Did humans evolve to be suited for large-scale cooperation as well?

Here is the new Boyd and Richardson paper:

We present evidence that people in small-scale, mobile hunter-gatherer societies cooperated in large numbers to produce collective goods. Foragers engaged in large-scale communal hunts, constructed shared capital facilities; they made shared investments in improving the local environment; and they participated in warfare, alliance, and trade. Large-scale collective action often played a crucial role in subsistence. The provision of public goods involved the cooperation of many individuals, so each person made only a small contribution. This evidence suggests that large-scale cooperation occurred in the Pleistocene societies that encompass most of human evolutionary history, and therefore it is unlikely that large-scale cooperation in Holocene food producing societies results from an evolved psychology shaped only in small group interactions. Instead, large scale human cooperation needs to be explained as an adaptation, likely rooted in the distinctive features of human biology, grammatical language, increased cognitive ability, and cumulative cultural adaptation.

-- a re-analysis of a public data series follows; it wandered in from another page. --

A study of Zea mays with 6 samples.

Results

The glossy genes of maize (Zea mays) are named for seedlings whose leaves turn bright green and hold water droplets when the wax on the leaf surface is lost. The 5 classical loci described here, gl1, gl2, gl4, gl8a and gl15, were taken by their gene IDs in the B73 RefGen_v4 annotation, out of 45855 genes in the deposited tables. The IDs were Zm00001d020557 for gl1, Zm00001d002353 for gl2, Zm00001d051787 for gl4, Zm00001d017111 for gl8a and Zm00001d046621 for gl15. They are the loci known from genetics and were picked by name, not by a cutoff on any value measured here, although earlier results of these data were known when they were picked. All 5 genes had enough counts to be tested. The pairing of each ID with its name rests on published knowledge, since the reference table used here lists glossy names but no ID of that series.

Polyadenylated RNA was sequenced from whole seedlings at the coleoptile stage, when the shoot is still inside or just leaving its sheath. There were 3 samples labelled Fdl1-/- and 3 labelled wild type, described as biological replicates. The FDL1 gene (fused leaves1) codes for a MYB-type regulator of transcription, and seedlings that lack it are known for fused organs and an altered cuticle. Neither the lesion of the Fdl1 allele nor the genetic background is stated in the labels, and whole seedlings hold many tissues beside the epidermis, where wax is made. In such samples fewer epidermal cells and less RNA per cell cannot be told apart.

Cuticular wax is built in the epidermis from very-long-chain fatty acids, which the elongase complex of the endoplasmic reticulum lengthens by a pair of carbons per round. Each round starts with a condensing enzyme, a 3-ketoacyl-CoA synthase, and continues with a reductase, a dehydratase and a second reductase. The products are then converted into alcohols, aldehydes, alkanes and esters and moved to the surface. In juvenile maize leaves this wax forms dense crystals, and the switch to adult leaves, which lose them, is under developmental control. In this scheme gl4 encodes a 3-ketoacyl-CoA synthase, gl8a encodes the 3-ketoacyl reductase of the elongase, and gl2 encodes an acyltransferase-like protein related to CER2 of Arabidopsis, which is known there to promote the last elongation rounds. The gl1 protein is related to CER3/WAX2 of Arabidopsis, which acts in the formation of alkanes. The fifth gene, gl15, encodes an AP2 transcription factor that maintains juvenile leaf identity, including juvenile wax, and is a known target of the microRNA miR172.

If true, this would revise a fair amount of social science, including Hayek on atavistic desires and also various “off the cuff” invocations of evolutionary biology and assumptions about the conditions of early human evolution.

Via Kevin Vallier, who has recently published Trust in a Polarized Age, a book of interest to anyone considering this topic.